In this article, we'll discuss a few key Kansas laws that could affect a car accident injury claim, including Kansas no-fault car insurance rules and time limits for filing a lawsuit if an injury claim is exempted from the no-fault system.
If you carry car insurance in Kansas and you're injured in a car accident, the most important thing to understand is that you're obligated to handle any injury claim through your own car insurance coverage -- and it doesn't matter who was at fault for the accident -- unless your case qualifies as exempt from no-fault.
In a no-fault claim, you work with your own car insurance carrier to get compensation for medical expenses and lost income (up to a certain limit) stemming from the accident. But you can't recover every compenent of damages that would otherwise be available if you were to file a liability claim or lawsuit against the other driver. For example, no-fault claimants can't recover compensation for pain and suffering caused by the accident and the resulting injuries.
In order to step outside the no-fault system in Kansas, your injury claim must meet one of two thresholds in place under the state's rules:
Learn more about No-Fault Car Insurance Claims.
If your car accident injury claim does meet the requirements under Kansas's threshold for avoiding the no-fault car insurance claims process, you're now able to hold the other driver legally responsible for your injuries, and one way to do that is by filing a personal injury lawsuit.
Every state has laws that place limitations on the timeframe within which you're around to file a lawsuit in court. These restrictions are called "statutes of limitations," and they vary based on the type of case you want to file. The relevant time limits for filing a lawsuit over a car accident in Kansas are:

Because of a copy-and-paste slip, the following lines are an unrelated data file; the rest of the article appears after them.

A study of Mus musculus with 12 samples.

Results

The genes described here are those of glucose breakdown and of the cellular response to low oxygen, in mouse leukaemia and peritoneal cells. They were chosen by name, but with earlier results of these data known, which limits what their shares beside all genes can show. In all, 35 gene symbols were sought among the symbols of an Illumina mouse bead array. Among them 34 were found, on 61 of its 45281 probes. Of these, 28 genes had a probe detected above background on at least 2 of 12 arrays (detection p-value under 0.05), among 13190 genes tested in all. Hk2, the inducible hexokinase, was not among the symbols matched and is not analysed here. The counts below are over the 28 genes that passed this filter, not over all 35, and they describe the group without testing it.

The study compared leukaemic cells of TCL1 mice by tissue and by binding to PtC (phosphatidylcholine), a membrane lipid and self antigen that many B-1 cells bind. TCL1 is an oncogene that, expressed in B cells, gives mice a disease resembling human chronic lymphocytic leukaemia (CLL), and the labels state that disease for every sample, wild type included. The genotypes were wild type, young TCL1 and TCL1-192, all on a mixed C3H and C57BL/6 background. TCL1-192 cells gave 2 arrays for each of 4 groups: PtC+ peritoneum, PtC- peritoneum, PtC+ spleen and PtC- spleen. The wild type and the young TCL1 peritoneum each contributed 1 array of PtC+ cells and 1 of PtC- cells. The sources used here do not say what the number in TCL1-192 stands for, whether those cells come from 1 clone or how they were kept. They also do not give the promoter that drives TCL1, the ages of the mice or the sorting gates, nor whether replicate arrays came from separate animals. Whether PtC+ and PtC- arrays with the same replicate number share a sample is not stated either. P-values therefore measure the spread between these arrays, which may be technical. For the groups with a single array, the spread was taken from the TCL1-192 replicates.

There are three different ways in which states deal with comparative fault (the situation in which multiple parties are at least partially at fault for an accident). In legalese, Kansas is a "modified comparative negligence state." This means that in Kansas, you can recover against any party that is more at-fault than you are, but your recovery will be reduced by the percentage of your own liability.
An example shows how this rule applies in real life. Let's say that you are driving a few miles over the speed limit when another driver cuts in front of you to make a left turn. Without enough time to stop, you collide with the other vehicle. A jury (or adjuster) may find that the other driver is primarily at fault -- 80% responsible, for example -- but you are still at fault to a lesser to degree because you were speeding -- we'll say 20% at fault. This means that a $10,000 award or settlement you would have received would be reduced to $8,000 (the 20% that is your own liability). If your liability is greater than 50%, however, you will not be able to recover anything at all under Kansas's fault rules, because you are the party that bears the majority of the legal liability for the accident.
Of course, this rule controls judge or jury awards in civil lawsuits (if you get to that stage). But before you get to that point, an insurance claim adjuster will look to Kansas's comparative fault rules when determining what your claim is worth. Claims adjusters have to keep an eye toward what would happen should the case go to trial. Of course, there is not a definitive way of empirically apportioning fault, the ultimate allocation of fault will depend on negotiation with a claims adjuster or the determination of a judge or jury.
Besides the no-fault car insurance rules discussed above, other Kansas laws on car insurance will also probably come into play after a car accident. For everything you need to know about car insurance in Kansas -- including the minimum amounts of coverage required for registered vehicles in operation in the state -- check out our companion article Kansas Auto Insurance Laws and Regulations.